In a sport like mixed martial arts, referees have the power to affect the outcome of a fight, often to the annoyance of fans. UFC 98 proved to be a very controversial ticket with two fights facing questionable referee stoppages and one with an outcome that for many was completely unexpected.
When announcer Bruce Buffer proclaimed the Matt Hughes and Matt Serra grudge match was scored a unanimous 29-28, you could see Matt Serra’s eyes light up. He, and many of the fans in attendance, was all but certain of victory. Buffer teased the crowd as he announced the bout’s victor. “And the winner by unanimous decision is Matt… Hughes!”
Hughes and Serra went the distance, taking the fight to three full rounds and emphasizing each fighter’s strengths: Hughes’ wrestling skills and Serra’s Brazilian Jiu Jitsu. With Serra’s leg wrapped around his opponent’s arm, coming clear up to his own chin, the eventual loser’s impressive display of flexibility in submission attempts proved his BJJ prowess. In the end, however, it wasn’t enough in the judges’ eyes for the W. After the fight was called, both fighters embraced, seemingly burying the hatchet after several insult-laden years of trash talking leading up to this fight.
Consider the hatchet above ground for referee Yves Lavigne, who might have made a few enemies at this UFC. When Kyle Bradley started raining punches on The Ultimate Fighter finalist Phillipe Nover, Nover very briefly went limp before immediately rolling over and popping back up. Lavigne noticed this millisecond of what he must have deemed a flash knockout and attempted to stop the fight. He was not aggressive in separating the fighters, which only fueled the fire of controversy that Nover was never really incapacitated.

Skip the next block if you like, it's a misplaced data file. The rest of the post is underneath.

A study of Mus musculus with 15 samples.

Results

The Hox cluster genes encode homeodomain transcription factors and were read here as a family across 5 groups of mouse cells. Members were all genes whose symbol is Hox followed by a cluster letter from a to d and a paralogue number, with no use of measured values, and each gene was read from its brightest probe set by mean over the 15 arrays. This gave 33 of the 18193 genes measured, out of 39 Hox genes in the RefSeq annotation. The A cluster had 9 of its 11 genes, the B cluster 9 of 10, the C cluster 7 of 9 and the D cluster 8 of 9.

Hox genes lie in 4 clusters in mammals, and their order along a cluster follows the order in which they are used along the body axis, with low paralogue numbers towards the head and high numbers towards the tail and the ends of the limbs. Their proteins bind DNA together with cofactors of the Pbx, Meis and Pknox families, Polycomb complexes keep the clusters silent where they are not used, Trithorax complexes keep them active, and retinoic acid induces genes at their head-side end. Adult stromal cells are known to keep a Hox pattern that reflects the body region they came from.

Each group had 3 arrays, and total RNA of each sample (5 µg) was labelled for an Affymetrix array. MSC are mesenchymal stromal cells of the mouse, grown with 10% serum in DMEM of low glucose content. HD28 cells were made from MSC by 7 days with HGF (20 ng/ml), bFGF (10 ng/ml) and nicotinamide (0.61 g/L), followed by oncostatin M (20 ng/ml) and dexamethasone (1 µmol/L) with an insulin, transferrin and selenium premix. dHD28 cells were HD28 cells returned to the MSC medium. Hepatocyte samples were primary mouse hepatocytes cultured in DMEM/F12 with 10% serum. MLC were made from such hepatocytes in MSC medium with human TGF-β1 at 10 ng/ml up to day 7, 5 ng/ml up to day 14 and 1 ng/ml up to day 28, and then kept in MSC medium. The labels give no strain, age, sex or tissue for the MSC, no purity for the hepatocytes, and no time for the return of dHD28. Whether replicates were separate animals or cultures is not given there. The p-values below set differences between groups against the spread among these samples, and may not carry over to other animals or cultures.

UFC president Dana White supported Lavigne’s stoppage, saying, “[Nover’s] shoulder dropped down to the canvas and the ref made a call. At the time, when the ref stopped it, I thought he was out too.”
Lavigne later entered the Octagon to boos to officiate the bout between Drew McFedries and Xavier Foupa-Pokam. McFedries bounced Foupa-Pokam around the Octagon like a game of pinball before a final punch made Lavigne jump in to call the fight. This time at least, he aggressively separated the fighters, but Foupa-Pokam was not satisfied by what he deemed an early stoppage and entered into an intense and long conversation with the ref following the fight.
Knockout of the night went to the new Light Heavyweight Champion, Lyoto Machida’s victory over Rashad Evans in the main event of the evening. Fight of the night went to the controversial battle of the Matts, while submission of the night went to Brock Larson. Those involved in these key fights took home $60,000 bonuses.
Lyoto Machida, known for his elusiveness and unorthodox methods, got off to a very slow start against Rashad Evans, apparently saving all his fireworks for the end. After a completely uneventful first two minutes, Lyoto landed a swift leg kick and continued to control the pace of the fight until he launched a series of punches that put the former champ flat on his back.
During the post fight press conference White said he “was blown away by his [Lyoto’s] performance tonight.” Machida was quick to mention that he wants to hold on to this title of Light Heavyweight champ, saying, “Now, that I became the champion is when the real work begins.” Past belt winners like Forrest Griffin, Rampage Jackson and Rashad Evans have not been able to hold on to the title for very long. In a weight class with such a tumultuous history, only time will tell if Machida can break the curse of the Light Heavyweight division and retain his title. White confirmed that Machida’s first title defense will be against Rampage Jackson.
Celebrities in attendance included Holly Madison, Mike Tyson, BJ Penn and local fighter Frank Mir, who is eager to establish his heavyweight dominance at UFC 100 against Brock Lesnar. Las Vegans can look forward to the UFC returning to Las Vegas at the Mandalay Bay Events Center for UFC 100 this July.